Strawberry Jam in a Day
From Elizabeth Del Negro and Cheryl Palmer

Along the way, 75 miles up Highway 101 to Helmut Klauer’s Classic Organic farm, we spoke of local food and how lucky we are to eat fresh from the farm, to have friends who drop by with homemade bread and to know the Ojai winemakers. We mused that the reach of local food goes beyond our little food community in Ventura County. From Ojai, the 100-mile “local” extends through Santa Barbara and down to Los Angeles—lucky for us, since our valley is too hot for growing strawberries in summer, and lucky for them we have heirloom tomatoes in June.

Makes approximately 5 pints

8 cups of ripe strawberries picked that day, washed and hulled (do not use old, overly ripe berries)
3–4 cups organic sugar (to taste)
1 box Pomona’s Universal Pectin
(4 teaspoons calcium water, 4 teaspoons pectin powder)
2 lemons
For canning you will need:
Large canner
5 glass pint jars with lids and rings
Jar grabber and lid magnet
Tea towels
Ladle and large spoon
Jar funnel

Step one:

Prepare jars. Wash and sterilize jars. Bring lids to a boil and let stand in hot water.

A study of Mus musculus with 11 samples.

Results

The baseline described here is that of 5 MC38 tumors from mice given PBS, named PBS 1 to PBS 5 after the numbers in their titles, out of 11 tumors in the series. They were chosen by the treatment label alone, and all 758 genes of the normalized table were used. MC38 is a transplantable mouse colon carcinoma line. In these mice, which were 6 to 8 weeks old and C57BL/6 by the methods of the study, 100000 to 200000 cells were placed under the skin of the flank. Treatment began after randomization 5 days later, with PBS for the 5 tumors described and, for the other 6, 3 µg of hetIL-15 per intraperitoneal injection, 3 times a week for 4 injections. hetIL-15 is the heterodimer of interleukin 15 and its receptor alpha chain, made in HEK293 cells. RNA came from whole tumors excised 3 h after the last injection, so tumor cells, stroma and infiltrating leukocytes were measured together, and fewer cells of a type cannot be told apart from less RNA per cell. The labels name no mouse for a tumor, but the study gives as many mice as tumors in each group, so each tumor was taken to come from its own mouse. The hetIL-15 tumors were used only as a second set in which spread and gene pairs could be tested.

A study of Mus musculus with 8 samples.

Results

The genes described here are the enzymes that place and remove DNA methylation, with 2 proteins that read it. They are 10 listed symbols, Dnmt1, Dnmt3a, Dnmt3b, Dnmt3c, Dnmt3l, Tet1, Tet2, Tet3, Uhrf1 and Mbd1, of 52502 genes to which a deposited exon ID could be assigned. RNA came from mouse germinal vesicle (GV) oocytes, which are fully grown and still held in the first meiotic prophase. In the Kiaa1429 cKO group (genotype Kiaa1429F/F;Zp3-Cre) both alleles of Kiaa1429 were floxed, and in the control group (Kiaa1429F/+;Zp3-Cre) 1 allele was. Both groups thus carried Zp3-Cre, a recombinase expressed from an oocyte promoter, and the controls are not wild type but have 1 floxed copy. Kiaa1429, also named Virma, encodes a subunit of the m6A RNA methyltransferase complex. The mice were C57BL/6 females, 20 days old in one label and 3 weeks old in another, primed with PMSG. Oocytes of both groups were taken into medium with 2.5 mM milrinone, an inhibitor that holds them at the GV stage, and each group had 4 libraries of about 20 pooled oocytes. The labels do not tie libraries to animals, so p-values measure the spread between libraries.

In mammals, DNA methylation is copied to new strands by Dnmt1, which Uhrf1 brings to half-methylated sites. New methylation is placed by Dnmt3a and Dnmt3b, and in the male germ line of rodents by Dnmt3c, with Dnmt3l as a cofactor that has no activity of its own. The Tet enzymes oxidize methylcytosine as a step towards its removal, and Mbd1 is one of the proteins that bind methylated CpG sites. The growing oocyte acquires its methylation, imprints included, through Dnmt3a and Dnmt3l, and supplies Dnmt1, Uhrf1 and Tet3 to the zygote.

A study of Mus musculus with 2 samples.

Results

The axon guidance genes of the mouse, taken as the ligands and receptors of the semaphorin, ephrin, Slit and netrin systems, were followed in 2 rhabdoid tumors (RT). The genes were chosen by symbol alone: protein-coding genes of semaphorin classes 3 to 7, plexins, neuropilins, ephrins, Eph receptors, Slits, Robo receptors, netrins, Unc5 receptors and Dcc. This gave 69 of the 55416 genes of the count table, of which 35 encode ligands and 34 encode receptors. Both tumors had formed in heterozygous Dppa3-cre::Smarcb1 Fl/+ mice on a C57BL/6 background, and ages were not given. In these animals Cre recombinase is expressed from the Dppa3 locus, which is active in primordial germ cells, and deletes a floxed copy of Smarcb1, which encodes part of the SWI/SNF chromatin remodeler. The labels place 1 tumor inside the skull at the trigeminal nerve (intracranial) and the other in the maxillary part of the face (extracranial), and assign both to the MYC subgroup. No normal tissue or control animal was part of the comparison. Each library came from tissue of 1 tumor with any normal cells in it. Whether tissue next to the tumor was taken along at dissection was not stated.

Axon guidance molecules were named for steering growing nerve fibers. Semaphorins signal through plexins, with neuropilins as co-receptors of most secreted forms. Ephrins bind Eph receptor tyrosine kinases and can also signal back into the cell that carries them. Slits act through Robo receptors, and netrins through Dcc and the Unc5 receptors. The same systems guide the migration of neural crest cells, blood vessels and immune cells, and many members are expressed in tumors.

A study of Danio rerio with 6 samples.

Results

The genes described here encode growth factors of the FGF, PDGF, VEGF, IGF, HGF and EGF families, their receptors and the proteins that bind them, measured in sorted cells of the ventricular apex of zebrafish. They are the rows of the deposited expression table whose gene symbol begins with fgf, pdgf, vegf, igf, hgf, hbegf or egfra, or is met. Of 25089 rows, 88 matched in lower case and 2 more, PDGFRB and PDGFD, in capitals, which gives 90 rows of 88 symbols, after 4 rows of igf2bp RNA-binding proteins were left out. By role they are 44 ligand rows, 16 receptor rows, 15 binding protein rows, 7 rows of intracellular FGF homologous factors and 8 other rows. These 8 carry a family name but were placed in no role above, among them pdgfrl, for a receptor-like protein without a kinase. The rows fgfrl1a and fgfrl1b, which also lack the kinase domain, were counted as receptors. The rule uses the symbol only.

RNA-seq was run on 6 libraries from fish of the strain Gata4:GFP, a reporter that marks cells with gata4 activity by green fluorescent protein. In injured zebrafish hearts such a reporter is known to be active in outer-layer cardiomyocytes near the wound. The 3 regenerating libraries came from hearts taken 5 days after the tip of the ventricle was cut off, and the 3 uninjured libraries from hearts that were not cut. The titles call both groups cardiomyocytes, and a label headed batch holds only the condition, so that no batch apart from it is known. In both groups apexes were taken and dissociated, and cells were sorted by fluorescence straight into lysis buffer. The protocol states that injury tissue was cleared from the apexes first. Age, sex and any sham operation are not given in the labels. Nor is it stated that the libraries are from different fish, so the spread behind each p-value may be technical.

Bring water to a boil in the canner for the water bath.

Step two:

Prepare fruit. Wash and remove stems and hulls, cut into halves or quarters. Measure 4 teaspoons of pectin and put into a large bowl with the sugar. Set aside.

Make the calcium water: ½ teaspoon calcium powder and ½ cup water in a small, clear jar with lid. You will only use a portion of the calcium water. Store the rest for a later use in the refrigerator. Measure 8 cups of strawberries.

Add 4 teaspoons of calcium water (shake well before using) and ½ cup lemon juice.

Cook on medium-high heat in a large cast-iron pot.

Bring to a boil.

When berries are soft, use a plunge blender to macerate. If you like your jam chunky, leave some whole fruit. Add pectinsugar little by little, stirring constantly while cooking to dissolve pectin. Return to boil and remove from heat.

Step three:

Fill jars with jam to ¼ inch of top. Wipe rims clean with the wet towel. Screw on two-piece lids. Put filled jars in boiling water in the canner to cover. Boil 10 minutes (add one minute more for every 1,000 feet above sea level).

Remove from water and let jars cool. Do not disturb jars; lids should seal while cooling and you will hear a pop. If lids are not sucked down, you may repeat the canning process (check to make sure there is no jam between rim and seal. Pectin completes its jell when thoroughly cool. Lasts about 3 weeks once opened.